Overview Map of Pierre François-Xavier de Charlevoix's Seminal Explorations in North America
Detailed large format map of the settled portions of North America, extending from New England and the Great Lakes to Florida and west to the Rio Grande River and Spanish New Mexico.
Extending to Santa Fe, Taos, New Mexico and the known regions of the Missouri Valley, Charlevoix's map provides a remarkable overview of the regions of the future United States then known to French Explorers and Fur Traders in the first half of the 18th Century.
The map tracks to the sources of the Mississippi River and depicts 4 of the 5 Great Lakes (excluding Lake Superior), providing the most up to date compilation of information on the hydrographical basin of the Mississippi River, Ohio River and the major river systems between the Mississippi River Valley and the Apalaches (Appalachian) Mountains.
The map is one of Bellin's earliest maps of any part of North America. The map was produced to illustrate the regions described in Charlevoix's Histoire et description générale de la Nouvelle France. The map was compiled in part from the Chaussegros de Lery manuscripts and is also noteworthy for the fictious mountain range in Michigan. Rich with Indian information, notes, early french forts and other early features.
In 1720 the Duke of Orleans sent the Jesuit scholar and explorer Pierre François-Xavier de Charlevoix to America to record events in New France and Louisiana and determine the best route to the Pacific Ocean. Charlevoix gathered geographic information from fur traders in Quebec and traveled through the Great Lakes and down the Mississippi River. After he returned to France, Charlevoix published his views on North America in his Histoire et description générale de la Nouvelle France, which has become one of the most important works on North America during the period prior to the French & Indian (Seven Years) War.
Thomas Jefferson owned a copy of Charlevoix's Histoire et description générale and recommended it, along with the accounts of Hennepin and Lahontan, as a "particularly useful species of reading." He referred to Charlevoix's book as he developed his own ideas of Louisiana and the Northwest.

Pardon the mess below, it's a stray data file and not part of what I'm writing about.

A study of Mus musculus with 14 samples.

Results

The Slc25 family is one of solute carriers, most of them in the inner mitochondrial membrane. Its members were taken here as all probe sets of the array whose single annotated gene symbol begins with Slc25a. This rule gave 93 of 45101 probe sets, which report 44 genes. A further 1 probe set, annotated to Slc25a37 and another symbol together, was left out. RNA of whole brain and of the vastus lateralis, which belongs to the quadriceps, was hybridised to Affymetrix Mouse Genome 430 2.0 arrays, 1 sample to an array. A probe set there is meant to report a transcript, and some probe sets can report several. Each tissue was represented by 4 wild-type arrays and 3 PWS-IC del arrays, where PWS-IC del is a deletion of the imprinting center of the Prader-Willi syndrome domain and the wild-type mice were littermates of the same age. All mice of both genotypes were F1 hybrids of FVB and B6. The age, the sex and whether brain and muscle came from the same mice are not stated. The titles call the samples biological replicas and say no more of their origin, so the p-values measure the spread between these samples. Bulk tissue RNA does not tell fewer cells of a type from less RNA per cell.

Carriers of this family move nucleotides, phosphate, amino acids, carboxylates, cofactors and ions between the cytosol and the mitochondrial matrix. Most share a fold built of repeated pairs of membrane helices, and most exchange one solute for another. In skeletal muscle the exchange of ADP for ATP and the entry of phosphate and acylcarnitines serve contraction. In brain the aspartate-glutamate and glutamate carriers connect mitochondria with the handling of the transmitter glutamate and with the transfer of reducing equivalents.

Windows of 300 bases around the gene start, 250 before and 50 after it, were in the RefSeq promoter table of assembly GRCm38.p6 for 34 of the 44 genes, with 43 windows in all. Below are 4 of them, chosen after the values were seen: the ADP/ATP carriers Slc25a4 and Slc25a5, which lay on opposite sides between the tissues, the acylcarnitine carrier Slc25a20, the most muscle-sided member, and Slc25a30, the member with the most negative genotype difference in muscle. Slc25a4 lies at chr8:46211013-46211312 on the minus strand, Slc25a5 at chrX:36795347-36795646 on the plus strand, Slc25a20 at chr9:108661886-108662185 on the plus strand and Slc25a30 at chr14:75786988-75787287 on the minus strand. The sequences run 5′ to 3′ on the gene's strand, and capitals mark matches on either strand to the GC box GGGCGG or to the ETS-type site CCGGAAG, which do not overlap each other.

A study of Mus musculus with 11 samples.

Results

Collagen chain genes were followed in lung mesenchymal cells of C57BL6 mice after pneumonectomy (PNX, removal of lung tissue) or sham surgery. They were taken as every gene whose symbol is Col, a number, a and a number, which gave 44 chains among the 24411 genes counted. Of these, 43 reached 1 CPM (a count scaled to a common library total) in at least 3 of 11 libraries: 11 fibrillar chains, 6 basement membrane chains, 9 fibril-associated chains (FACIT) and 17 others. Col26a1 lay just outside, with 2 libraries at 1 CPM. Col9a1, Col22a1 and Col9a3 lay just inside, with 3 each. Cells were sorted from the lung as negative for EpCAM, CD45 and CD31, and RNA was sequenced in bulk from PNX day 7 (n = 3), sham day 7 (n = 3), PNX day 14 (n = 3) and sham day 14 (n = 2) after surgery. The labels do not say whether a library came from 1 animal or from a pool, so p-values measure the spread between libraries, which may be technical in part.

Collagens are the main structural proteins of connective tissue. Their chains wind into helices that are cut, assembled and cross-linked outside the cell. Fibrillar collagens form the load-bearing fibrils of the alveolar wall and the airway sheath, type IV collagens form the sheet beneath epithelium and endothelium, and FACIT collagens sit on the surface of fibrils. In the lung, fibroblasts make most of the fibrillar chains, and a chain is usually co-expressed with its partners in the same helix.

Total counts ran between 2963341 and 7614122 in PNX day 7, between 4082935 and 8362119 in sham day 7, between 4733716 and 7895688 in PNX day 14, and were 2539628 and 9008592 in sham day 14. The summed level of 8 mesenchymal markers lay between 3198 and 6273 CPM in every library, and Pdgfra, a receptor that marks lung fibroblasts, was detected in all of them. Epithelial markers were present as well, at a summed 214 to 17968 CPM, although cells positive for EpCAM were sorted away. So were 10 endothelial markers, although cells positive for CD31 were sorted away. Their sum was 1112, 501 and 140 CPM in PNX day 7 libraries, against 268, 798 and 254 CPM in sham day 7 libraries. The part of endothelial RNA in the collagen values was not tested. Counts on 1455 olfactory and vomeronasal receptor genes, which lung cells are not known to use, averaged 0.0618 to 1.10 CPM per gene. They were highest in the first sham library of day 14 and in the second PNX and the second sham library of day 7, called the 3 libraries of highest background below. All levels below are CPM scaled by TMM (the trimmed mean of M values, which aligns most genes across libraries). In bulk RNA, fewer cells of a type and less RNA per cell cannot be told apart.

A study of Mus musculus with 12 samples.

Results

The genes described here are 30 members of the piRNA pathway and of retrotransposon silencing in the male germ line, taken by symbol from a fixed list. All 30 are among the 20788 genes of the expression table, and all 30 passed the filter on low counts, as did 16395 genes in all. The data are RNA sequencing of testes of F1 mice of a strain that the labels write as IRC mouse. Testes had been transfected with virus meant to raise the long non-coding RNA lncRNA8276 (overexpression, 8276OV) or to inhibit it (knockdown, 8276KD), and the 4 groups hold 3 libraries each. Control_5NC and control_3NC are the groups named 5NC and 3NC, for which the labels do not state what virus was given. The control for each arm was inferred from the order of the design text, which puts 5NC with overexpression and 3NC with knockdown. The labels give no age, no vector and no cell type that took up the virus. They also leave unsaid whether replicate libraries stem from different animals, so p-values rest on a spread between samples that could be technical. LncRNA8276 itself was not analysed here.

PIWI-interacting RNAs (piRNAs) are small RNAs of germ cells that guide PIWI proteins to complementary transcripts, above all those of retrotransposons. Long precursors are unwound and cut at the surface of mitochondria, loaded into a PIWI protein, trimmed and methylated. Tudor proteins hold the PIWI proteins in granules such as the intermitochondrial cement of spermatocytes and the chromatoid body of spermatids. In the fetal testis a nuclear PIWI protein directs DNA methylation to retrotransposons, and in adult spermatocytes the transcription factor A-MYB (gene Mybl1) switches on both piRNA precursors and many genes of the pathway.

Jacques-Nicolas Bellin (1703-1772) was among the most important mapmakers of the eighteenth century. In 1721, at age 18, he was appointed hydrographer (chief cartographer) to the French Navy. In August 1741, he became the first Ingénieur de la Marine of the Depot des cartes et plans de la Marine (the French Hydrographic Office) and was named Official Hydrographer of the French King.
During his term as Official Hydrographer, the Depot was the single most active center for the production of sea charts and maps, including a large folio format sea-chart of France, the Neptune Francois. He also produced a number of sea-atlases of the world, e.g., the Atlas Maritime and the Hydrographie Francaise. These gained fame, distinction, and respect all over Europe and were republished throughout the 18th and even in the succeeding century.
Bellin also came out with smaller format maps such as the 1764 Petit Atlas Maritime, containing 580 finely detailed charts. He also contributed many of the maps for Bellin and contributed a number of maps to the 15-volume Histoire Generale des Voyages of Antoine François Prévost or simply known l'Abbe Prevost.
Bellin set a very high standard of workmanship and accuracy, thus gaining for France a leading role in European cartography and geography. Many of his maps were copied by other mapmakers of Europe.